Source: Press TV
Defected Libyan Foreign Minister Moussa Koussa has reportedly been in contact with American authorities over counterterrorism issues.
The former senior official developed a close working relationship with Washington when he was the head of Libya's intelligence service a few years ago, former CIA official Vince Cannistraro told the prominent US radio broadcaster NPR.
On Wednesday, Koussa resigned as Libya's foreign minister and defected to Britain as troops loyal to ruler Muammar Gaddafi and opposition forces clashed in the North African country.
The CIA official was stationed in Italy in the late 1980s when Koussa was leading Libya's intelligence service.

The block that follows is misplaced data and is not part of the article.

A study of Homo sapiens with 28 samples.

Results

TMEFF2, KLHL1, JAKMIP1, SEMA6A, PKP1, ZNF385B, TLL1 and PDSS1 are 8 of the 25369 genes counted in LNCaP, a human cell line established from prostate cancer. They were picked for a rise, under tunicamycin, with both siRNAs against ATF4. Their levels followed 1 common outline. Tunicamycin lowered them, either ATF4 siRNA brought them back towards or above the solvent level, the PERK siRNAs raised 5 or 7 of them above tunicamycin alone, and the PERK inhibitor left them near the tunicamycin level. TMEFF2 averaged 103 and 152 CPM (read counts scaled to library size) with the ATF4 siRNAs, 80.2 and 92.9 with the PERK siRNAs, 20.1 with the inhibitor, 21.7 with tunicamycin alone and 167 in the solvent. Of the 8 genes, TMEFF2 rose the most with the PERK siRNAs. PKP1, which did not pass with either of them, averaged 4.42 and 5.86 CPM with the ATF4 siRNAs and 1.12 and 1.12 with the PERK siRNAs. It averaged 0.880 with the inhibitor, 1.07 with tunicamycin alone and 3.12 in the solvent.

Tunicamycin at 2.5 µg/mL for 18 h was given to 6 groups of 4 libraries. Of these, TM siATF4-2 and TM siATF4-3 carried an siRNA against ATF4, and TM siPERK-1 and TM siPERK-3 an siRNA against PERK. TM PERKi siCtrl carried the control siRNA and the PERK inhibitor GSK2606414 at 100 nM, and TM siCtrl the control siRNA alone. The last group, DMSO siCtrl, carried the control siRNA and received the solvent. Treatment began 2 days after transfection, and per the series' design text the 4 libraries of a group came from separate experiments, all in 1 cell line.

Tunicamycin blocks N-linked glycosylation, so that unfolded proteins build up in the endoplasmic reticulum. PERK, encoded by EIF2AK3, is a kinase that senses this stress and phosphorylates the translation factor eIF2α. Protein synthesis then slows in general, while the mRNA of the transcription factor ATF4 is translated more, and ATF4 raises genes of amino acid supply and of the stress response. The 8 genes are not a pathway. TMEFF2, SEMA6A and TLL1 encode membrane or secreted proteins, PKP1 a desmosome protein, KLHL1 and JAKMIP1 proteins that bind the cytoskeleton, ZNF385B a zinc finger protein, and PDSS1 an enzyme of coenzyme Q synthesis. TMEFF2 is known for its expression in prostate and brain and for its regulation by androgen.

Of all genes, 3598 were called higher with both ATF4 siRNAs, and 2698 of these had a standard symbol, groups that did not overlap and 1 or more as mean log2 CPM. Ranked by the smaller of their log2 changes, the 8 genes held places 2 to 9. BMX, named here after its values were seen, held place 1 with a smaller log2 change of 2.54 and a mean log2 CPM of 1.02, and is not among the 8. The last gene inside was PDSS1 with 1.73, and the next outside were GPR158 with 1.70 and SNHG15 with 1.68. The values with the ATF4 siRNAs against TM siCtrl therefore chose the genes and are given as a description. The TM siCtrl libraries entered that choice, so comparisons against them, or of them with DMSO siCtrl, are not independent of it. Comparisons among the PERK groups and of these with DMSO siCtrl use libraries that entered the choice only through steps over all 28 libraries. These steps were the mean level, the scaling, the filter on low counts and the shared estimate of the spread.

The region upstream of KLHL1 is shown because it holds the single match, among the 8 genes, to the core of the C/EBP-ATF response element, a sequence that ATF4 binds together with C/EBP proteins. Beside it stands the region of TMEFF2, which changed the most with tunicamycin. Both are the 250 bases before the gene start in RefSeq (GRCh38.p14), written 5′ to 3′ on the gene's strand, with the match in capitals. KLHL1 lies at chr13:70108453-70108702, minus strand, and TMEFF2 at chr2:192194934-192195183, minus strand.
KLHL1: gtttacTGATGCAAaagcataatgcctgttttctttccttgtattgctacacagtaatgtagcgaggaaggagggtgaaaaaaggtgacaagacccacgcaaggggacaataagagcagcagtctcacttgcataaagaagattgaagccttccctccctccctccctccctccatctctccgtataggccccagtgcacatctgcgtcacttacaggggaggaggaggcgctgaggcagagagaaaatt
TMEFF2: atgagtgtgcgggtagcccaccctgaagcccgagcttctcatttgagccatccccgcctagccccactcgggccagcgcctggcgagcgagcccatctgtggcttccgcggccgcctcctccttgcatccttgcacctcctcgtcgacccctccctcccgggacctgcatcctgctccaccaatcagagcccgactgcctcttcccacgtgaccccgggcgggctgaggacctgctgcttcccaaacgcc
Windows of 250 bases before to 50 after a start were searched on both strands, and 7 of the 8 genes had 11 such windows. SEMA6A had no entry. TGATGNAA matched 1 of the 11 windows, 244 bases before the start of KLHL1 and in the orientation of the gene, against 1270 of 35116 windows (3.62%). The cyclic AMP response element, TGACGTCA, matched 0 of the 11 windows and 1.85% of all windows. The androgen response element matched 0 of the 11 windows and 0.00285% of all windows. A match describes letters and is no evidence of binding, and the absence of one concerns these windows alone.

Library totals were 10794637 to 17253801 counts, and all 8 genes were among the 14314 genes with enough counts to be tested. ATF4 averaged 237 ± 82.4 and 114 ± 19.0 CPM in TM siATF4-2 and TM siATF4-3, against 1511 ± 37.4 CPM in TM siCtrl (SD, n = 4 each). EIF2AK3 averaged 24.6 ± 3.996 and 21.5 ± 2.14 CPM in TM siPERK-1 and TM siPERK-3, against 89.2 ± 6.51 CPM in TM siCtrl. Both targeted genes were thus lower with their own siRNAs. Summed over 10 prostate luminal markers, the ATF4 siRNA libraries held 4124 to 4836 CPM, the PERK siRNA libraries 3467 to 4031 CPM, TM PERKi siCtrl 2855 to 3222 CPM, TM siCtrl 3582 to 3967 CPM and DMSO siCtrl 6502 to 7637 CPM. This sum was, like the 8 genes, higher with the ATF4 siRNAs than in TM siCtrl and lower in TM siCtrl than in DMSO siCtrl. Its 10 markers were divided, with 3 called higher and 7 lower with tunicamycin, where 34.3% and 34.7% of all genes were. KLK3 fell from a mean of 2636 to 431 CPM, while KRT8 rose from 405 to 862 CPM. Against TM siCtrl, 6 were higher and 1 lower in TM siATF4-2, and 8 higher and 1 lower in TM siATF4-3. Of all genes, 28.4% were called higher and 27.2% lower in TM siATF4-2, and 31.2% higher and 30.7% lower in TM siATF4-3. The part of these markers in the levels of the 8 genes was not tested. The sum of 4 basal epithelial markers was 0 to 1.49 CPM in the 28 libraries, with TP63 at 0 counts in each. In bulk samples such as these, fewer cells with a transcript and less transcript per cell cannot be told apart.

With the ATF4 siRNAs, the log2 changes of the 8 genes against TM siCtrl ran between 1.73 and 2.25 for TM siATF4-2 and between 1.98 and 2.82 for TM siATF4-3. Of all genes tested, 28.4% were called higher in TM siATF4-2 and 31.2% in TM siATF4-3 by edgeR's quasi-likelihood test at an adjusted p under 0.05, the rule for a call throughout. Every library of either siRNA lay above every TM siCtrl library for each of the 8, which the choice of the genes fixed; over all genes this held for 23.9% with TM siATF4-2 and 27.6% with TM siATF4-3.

The US considered Libya as a serious terrorist threat in the 1980s and 1990s, when Washington bombed Tripoli and the international community imposed economic sanctions on the country.
Libya once again became useful to Americans following the September 11, 2001 terrorist attacks in the United States.
"Moussa Koussa was very smart, and he guided Libya's foreign policy to coincide with the Americans and the British as a way of getting out from under the sanctions," Cannistraro said.
Koussa helped convince Gaddafi to give up his nuclear weapons program and turned Libya into a key US ally on counterterrorism, turning over al-Qaeda operatives in the country to American authorities.
"Whatever Moussa's personal history was, both we and the British government were able to overcome it for broader national interests with regard to [weapons of mass destruction] and mutual interests when it came to fighting al-Qaeda," Cannistraro said.
Koussa graduated from Michigan State University in the late 1970s with a degree in sociology and was considered as someone the Ameican spy agency CIA could work with.